Sen. Kerry finally finds the target

September 20, 2004|By Jules Witcover

WASHINGTON - Sen. John Kerry chose a propitious if politically risky occasion before the National Guard Association to take the gloves off at last against President Bush, socking him with a blistering criticism of his conduct of the war in Iraq.

It was propitious because the Guard is inextricably tied to that war, with thousands of Guardsmen fighting in Iraq and their families' lives in states of suspension because of unexpected and disruptive extensions of tours of duty. Mr. Kerry characterized these extended tours as a "backdoor draft" of the Guard that he pledged he would end as president.

At the same time, the speech was risky because Mr. Bush has a link to the National Guard by virtue of his service during the Vietnam War. Though that service is under scrutiny, Mr. Kerry's criticism could rally more support for the president in Guard ranks.

In any event, the Kerry speech may be the turning point in an internal debate over the campaign's message. Some Kerry insiders have been critical of their candidate's failure to make sufficiently clear his distinctions with Mr. Bush over the war or to hammer hard enough at the president's severe shortcomings and misjudgments in the American effort in Iraq.

Mr. Bush, meanwhile, continues to argue that the military situation demands his brand of decisive leadership and that Mr. Kerry is a flip-flopper who lacks the necessary "clarity" to be an effective leader. Mr. Kerry's speech to the Guard clearly was designed to blunt that line of attack and was an attempt to get Mr. Bush to address and defend the chaos in Iraq.

Rather than simply praising the Guard for its service, as the president did a few days earlier, Mr. Kerry cast the Guardsmen as victims of Mr. Bush's poor choices and inadequate preparations. He suggested that the Guardsmen were being denied "the same resources and respect we give our regular troops" and charged that Mr. Bush had "failed to tell you the truth" about the dire situation in Iraq.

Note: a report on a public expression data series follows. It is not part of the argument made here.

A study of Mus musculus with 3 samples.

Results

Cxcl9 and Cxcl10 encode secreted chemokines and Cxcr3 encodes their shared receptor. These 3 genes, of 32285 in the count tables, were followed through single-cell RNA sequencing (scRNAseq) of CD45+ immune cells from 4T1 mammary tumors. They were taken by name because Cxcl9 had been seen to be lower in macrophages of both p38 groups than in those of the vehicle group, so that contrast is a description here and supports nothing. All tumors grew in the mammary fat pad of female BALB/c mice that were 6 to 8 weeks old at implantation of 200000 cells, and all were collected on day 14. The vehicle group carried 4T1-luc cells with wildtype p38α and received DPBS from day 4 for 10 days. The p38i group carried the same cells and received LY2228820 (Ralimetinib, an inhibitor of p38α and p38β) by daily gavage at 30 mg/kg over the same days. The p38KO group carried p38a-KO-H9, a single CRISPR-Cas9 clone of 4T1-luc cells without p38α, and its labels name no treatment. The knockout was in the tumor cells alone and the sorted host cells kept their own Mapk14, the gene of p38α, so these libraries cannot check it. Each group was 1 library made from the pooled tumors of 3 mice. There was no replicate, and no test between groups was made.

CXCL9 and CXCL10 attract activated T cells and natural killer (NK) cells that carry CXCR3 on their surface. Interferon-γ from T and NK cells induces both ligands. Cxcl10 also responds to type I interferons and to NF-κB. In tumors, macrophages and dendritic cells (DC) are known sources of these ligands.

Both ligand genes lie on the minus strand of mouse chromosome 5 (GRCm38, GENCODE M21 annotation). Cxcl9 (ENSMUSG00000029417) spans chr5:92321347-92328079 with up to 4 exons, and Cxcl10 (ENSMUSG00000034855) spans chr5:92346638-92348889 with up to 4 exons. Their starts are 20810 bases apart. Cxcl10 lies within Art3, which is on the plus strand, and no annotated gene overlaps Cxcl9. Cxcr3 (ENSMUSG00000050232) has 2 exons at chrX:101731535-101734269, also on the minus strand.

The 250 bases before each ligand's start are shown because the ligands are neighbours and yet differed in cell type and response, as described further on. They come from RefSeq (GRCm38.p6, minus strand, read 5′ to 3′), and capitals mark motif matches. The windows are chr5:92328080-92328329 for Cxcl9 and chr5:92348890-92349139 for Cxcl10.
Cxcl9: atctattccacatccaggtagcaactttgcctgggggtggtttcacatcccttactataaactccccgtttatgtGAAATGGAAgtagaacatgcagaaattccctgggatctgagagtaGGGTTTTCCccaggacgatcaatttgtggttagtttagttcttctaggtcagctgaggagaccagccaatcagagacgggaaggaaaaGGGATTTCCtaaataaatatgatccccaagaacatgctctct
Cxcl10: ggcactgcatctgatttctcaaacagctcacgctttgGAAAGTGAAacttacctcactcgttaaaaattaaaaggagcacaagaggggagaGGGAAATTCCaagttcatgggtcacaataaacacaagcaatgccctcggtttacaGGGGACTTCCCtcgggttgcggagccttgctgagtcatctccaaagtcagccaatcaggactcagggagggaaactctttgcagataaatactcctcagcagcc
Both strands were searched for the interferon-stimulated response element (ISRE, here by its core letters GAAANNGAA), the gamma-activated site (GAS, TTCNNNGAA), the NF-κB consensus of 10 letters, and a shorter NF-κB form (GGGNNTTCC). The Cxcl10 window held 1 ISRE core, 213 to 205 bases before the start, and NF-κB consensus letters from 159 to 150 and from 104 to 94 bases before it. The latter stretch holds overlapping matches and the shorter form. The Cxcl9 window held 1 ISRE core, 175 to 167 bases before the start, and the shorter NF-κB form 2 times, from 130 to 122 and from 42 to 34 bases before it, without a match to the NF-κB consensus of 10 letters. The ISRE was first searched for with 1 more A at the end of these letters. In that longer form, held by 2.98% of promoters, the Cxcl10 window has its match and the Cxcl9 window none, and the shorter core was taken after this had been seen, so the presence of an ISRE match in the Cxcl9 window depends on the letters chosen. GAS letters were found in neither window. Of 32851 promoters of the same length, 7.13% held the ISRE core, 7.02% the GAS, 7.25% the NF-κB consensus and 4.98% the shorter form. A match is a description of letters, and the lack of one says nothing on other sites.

In some of his harshest words of the campaign, Mr. Kerry said, "You deserve a president who will not play politics with national security, who will not ignore his own intelligence while living in a fantasy world of spin, and who will give the American people the truth about the challenge our brave men and women face on the front lines."

Mr. Kerry, accused by critics of failing to offer a policy different from that of the president, reiterated that Mr. Bush was "wrong to rush to war without the allies we needed by our side" and wrong to ignore military advice to commit more troops.

"So when it comes to Iraq," he said, "it's not that I would have done one thing differently than President Bush - I would have done almost everything differently."

Mr. Kerry's sharpest indictment was that "the mess in Iraq has set us back, way back, in the war on terror." By focusing on Iraq, he said, "George W. Bush has taken his eye off the ball."

Many Guardsmen, he also noted, "are our first responders here at home - firefighters, police officers and emergency medical technicians. To take you out of your communities is to take down our critical first line of defense. That's no way to protect America."

The Democratic nominee made no mention of the controversy over Mr. Bush's Air National Guard service stateside during the Vietnam War. Rather, he made a sharp pivot from the month-long comparisons of the two candidates' Vietnam service records to the issue of national security, which may be the most critical of the election.

Also propitious for Mr. Kerry was the surfacing of the latest National Intelligence Estimate on Iraq that took a sharply pessimistic view of the effort to stabilize Iraq. The White House clearly hopes that optimistic words from Iraqi Prime Minister Ayad Allawi during a visit here this week will counter the gloomy report.

With less than two weeks until the first scheduled presidential debate in Florida on Sept. 30, Mr. Kerry's attack on the Bush record in Iraq finally sets the stage for an overdue direct confrontation on the wisdom and implementation of the war, which should be the centerpiece of the election campaign.

Jules Witcover writes from The Sun's Washington bureau. His column appears Mondays, Wednesdays and Fridays.